I Am More Than You Can See

0 June 07, 2018 By Dang

“Lock up and lights off!” Yasmin, my beautiful colleague/friend snapped this order at me as we exited our small office. I was a receptionist and her, Ops supervisor. I was charged with opening the office sometimes and locking up so her request was not out of place, it was…for lack of a better word, haughty.

This was the year 2008.

Everyone had left the office except both of us. I was by my computer, updating the day’s log and trying to do it as fast as possible so Yasmin could drop me off at Awolowo road, Ikoyi where my friend would then drop me off at home. I noticed she was staring at me and because we were cordial I said to her, “Madam warrisit? Have I suddenly developed wings?”
She responded with a wide smile, a very small chuckle and a soft touch to my chin, “what happened to you here? How did you get this scar?”

Yasmin wasn’t the first person who had asked me about the 1.5inch zigzag scar on the right side of my face slightly below my bottom lip. I would usually give one answer, “accident”. But that day, I felt I needed to entertain Yasmin with my story as she waited for me.

It happened in 2002, on my way from church to my shared room in the University with family friends. It’s funny how I can never forget the thoughts in my head that day. I was on a bike, genuinely enjoying how the breeze hit me hard in the face and then sweep past it simultaneously. I silently begged God to get home and meet an empty room because my roommates liked to entertain on Sundays but I just wanted a quiet nap. From the bottom of my heart, I prayed that they would not be home. I had bowed my head to say this short prayer and as I looked up to continue to enjoy the breeze, I saw a white Honda coming towards us with speed. I held on desperately to the bike man and….silence.


I narrated the story to Yasmin and when I was done, I asked her “You’ve been meaning to ask me for a while right? Why are you now just asking today?”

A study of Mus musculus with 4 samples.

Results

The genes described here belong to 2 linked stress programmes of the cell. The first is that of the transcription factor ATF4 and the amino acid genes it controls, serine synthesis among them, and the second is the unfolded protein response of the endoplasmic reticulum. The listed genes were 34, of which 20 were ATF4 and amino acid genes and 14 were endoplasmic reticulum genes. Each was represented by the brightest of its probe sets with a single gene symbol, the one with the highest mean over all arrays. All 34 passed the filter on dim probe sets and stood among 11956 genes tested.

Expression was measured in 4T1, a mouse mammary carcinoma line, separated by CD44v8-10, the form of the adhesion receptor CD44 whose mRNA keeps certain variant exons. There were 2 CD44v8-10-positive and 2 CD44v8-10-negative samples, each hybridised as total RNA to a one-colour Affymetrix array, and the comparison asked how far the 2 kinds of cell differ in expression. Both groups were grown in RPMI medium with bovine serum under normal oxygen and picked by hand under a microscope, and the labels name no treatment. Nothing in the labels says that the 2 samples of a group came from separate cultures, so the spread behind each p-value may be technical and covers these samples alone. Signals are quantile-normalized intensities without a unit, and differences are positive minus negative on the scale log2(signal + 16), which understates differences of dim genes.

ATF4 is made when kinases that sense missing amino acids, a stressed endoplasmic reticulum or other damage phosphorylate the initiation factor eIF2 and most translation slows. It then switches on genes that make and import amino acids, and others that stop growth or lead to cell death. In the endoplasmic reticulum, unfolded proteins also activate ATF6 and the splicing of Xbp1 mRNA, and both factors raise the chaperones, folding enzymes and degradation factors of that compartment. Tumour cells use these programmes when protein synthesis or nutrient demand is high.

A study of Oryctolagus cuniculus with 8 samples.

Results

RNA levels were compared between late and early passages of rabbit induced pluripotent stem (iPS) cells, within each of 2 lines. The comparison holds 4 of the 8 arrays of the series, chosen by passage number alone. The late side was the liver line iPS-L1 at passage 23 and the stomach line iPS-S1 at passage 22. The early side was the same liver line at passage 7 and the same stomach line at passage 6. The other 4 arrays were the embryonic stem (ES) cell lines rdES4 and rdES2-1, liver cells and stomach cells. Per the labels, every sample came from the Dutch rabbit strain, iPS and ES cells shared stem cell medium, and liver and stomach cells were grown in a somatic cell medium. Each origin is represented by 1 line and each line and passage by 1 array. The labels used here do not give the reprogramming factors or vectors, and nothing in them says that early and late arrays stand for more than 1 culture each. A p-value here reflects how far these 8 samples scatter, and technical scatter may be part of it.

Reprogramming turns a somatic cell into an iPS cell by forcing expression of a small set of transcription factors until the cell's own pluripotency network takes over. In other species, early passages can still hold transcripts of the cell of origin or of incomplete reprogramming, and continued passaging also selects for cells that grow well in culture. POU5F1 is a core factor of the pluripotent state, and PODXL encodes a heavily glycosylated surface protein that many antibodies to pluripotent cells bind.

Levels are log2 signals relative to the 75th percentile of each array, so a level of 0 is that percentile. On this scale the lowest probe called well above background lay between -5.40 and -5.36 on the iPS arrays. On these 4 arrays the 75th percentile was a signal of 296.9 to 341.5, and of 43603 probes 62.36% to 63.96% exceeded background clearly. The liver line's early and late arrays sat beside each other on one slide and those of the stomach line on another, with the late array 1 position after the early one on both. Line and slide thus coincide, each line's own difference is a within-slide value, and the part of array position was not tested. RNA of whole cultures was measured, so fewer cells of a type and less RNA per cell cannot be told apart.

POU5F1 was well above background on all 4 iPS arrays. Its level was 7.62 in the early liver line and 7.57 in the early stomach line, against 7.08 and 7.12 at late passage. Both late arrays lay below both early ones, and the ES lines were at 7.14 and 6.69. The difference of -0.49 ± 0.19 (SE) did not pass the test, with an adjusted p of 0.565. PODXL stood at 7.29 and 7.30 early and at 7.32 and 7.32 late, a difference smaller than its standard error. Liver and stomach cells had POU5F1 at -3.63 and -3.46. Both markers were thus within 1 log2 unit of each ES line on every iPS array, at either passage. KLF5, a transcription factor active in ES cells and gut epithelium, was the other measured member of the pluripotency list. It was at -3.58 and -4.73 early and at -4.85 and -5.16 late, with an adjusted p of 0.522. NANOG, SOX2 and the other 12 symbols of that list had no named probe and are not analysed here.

“Looking at you now, I just realized you would have been so beautiful without it. Maybe more men would be toasting you sef, then you and I will be getting married around the same time. It makes me feel bad when I see the scar. I even heard a client call you ‘Scarface’ one time like that…” Yasmin responded as her eyes scanned my face, settling on my scar. She pitied me.

I didn’t know which came first, the anger or the discomfort but I felt both and struggled with myself as to how to react. My anger won and I immediately lashed out at her, “Why is beauty that important to you?” I asked her and noticed she stepped back from the front desk in surprise. I continued, “you assume you’re better than me because you’re prettier? You seriously think you’re all of that and a bag of chips? Don’t ever equate my scar to ugliness again or you and I will stop being friends!” I closed my laptop and picked up my bag and office keys, ready to leave even without her. This was when she quickly walked ahead of me and snapped the order “lock up and lights off!”.

Truth? Her words scared me, I was afraid she was right, which is why I got really mad, I couldn’t handle the discomfort. Will I ever get any man to marry me? Does that mean I’ve been looking at myself as beautiful all these while and others have looked at me as ugly?


Emma’s words worked like magic.

“The first day I saw you, I immediately noticed how hot you looked, then your smile, your confidence and how you excelled at every little task given to you. I never saw your scar until months later. You’re amazing Ife and you will go places and meet a man who can match all that simmering volcano in you. You must never forget that your scar is an added feature to your beauty, it doesn’t take away from it”- Said Emma

When I got home, I looked at myself in the mirror and for the first time, I accepted my scar as beautiful and as my facial feature, breathing in Emma’s words, feeling my confidence seeping back through my nose, into my mind and heart. And as I took in Emma’s words, I added mine, “I am beautiful but I am more beautiful inside, that is important too.”

Not one time since then, have I ever seen my scar as anything other than badass!

My name is Ife, I AM NOT MY SCAR. I am more than you can see.